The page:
The Saskatchewan Teachers' Federation says it is very concerned about Minister of Education Bronwyn Eyre's comments regarding treaty education.

The education minister is facing criticism for comments she made in a recent speech in the legislature about the province's curriculum as it relates to Indigenous people.

"Education can be a form of reconciliation, and it is our shared duty as citizens to respond to the Truth and Reconciliation Commission of Canada's calls to action," the STF said in an emailed statement Tuesday. "We are all treaty people, and treaty education must be a fundamental component of education in Saskatchewan."

The STF is asking Eyre to review the ministry's policy and curriculum documents to further Indigenous education.

"The minister's comments could serve to divide communities and create unsafe space for Saskatchewan teachers and students," the email continued. "Now is the time to renew our collective efforts to ensure education is a positive force for reconciliation."

Eyre brings up personal story in legislature 

Eyre first came under fire for a speech that she read in the legislature last week in which she said that her Grade 8 son brought home a history assignment which denigrated his ancestors.

"He'd copied from the board the following facts which were presented as fact: that European and European settlers were colonialists, pillagers of the land who knew only buying and selling and didn't respect Mother Earth," she said.

"He asked me if it was OK if he could write that he associated with his pioneer great- and great-great-grandparents because no one was writing down their vision of the world. And I said yes, of course."

Saskatchewan Hansard, Nov. 1

Part of a speech by Bronwyn Eyre, highlighted, has garnered recent criticism. (Saskatchewan Hansard, Nov. 1, 2017)

The minister said it is worth considering whether some topics, such as Indigenous education, have become too "infused" throughout classroom teachings.

"One thing one might discuss is, should there be a specific course on … Indigenous history, history of residential schools and treaties and so on, in a high school-level course as opposed to maybe more infusion into social studies?" she said after being questioned Tuesday about her statements.

Treaty teachings about 'forging a path forward': NDP

Carla Beck, the NDP's education critic, said having Indigenous learning permeate a child's education is a good step toward reconciliation.

"One of the ways for it to be addressed is ensuring that students in our school systems have a good basis around treaty education but also that Indigenous students and non-Indigenous students have access to Indigenous ways of knowing infused throughout the school system," Beck said. "This is not meant to be pointing fingers and blaming and making children go home feeling poorly about themselves.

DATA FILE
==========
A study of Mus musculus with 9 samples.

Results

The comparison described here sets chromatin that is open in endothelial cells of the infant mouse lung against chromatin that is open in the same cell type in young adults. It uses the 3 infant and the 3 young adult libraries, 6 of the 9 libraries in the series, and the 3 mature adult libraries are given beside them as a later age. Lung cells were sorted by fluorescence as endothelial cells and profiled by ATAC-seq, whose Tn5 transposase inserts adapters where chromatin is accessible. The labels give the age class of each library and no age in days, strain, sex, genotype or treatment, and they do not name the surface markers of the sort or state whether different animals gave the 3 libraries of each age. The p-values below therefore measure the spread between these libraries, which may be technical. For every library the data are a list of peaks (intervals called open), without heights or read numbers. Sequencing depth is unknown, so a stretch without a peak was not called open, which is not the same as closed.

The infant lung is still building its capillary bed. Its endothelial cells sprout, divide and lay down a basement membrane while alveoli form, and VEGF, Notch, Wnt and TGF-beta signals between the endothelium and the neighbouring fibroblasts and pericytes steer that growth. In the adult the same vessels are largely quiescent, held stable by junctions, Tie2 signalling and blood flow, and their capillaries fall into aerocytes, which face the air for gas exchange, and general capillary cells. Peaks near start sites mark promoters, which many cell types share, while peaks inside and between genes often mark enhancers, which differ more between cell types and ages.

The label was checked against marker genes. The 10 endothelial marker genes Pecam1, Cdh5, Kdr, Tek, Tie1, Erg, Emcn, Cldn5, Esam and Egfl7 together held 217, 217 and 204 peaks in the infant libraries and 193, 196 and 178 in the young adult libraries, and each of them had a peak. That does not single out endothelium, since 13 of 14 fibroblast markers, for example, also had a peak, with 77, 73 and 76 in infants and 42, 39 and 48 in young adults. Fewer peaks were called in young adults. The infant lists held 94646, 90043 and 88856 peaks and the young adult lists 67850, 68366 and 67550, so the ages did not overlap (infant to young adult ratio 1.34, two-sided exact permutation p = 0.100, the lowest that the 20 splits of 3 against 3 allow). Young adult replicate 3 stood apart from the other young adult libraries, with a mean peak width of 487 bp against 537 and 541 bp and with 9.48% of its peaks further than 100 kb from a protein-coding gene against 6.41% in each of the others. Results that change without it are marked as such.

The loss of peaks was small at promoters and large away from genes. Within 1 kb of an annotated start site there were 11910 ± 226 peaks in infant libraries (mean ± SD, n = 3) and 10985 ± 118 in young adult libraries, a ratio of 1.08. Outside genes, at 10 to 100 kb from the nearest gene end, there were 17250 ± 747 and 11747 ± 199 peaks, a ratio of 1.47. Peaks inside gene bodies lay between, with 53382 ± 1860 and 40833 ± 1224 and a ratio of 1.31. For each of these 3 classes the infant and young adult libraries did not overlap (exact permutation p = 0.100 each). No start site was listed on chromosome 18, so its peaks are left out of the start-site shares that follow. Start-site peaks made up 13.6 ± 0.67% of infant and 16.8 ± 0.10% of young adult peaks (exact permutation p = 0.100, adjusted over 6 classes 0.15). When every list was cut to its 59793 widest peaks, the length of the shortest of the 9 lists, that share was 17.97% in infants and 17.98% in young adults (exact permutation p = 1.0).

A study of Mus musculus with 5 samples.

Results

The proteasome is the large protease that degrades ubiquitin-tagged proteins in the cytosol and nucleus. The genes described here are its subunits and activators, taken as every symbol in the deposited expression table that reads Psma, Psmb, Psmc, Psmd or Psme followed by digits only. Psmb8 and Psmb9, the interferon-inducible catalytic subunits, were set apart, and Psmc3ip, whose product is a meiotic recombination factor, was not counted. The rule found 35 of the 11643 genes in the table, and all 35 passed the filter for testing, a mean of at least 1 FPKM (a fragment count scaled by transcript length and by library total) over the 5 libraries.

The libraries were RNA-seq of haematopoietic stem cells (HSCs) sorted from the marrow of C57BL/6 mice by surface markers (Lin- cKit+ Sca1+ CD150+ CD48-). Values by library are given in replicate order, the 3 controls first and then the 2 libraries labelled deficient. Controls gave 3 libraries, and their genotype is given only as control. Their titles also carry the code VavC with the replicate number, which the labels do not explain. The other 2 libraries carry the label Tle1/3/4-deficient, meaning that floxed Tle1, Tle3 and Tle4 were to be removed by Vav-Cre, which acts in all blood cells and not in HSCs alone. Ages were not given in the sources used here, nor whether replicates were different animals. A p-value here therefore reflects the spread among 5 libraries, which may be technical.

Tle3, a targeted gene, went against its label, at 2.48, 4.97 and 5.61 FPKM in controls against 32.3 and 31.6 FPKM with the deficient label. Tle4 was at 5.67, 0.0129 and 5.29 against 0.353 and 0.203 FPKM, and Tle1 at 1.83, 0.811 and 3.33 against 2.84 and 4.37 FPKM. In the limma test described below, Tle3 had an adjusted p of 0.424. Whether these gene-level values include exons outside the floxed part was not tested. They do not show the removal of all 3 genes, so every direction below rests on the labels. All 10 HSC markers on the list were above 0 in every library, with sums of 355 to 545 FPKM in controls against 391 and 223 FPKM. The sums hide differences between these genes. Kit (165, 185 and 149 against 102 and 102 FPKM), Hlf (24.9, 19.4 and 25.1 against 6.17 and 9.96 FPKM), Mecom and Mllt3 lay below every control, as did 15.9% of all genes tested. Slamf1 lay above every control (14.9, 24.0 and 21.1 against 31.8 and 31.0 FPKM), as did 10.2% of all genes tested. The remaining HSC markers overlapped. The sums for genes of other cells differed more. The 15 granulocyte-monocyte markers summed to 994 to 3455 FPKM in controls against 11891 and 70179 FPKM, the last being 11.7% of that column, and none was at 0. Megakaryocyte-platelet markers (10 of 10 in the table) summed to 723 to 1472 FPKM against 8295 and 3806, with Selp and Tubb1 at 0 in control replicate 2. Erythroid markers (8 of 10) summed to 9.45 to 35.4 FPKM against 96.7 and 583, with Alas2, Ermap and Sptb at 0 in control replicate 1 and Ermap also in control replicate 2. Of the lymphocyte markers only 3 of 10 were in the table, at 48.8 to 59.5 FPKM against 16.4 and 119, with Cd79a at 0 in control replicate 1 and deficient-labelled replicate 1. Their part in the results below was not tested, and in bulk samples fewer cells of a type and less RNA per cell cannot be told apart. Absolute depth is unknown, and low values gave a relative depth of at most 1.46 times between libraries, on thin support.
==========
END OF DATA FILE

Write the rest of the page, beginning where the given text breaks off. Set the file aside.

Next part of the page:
"This is about looking at our shared history in this province and forging a path forward."

Carla Beck

NDP critic Carla Beck said she was concerned by Eyre's speech. (CBC News)

She did, however, say that teachings should be age appropriate and that educators should check in on children's perceptions.

Beck also said she is concerned that Eyre took a personal example of one child into the assembly and may make large education decisions based on it.

Eyre insisted that she doesn't think Indigenous teaching shames settlers, but said since Saskatchewan was the first province in Canada to mandate treaty education how "broadly and extensively infused" Indigenous teachings are in the curriculum is something that should be discussed.

Speech criticized in political blog

Saskatchewan political blogger Tammy Robert wrote about Eyre's legislature speech on her website, saying she was "threatening treaty education in the curriculum and broadly and politically condemning teachers, administrators and her own ministry."

Blogger Tammy Robert on comments by Bronwyn Eyre4:07

"It's getting unsettling," she told CBC Tuesday night. "By suggesting that her own ancestor's history is as or more important than that of Saskatchewan Indigenous residents, she's really minimizing their experience and I believe she knows that's what she's doing."

Robert said Eyre's honest opinions were once respectable, but now that she has arguably one of the most important roles in the Saskatchewan, they're "troubling."

"Her words matter. Now she's either got to come clean on what she meant or just stop this all together," Robert said.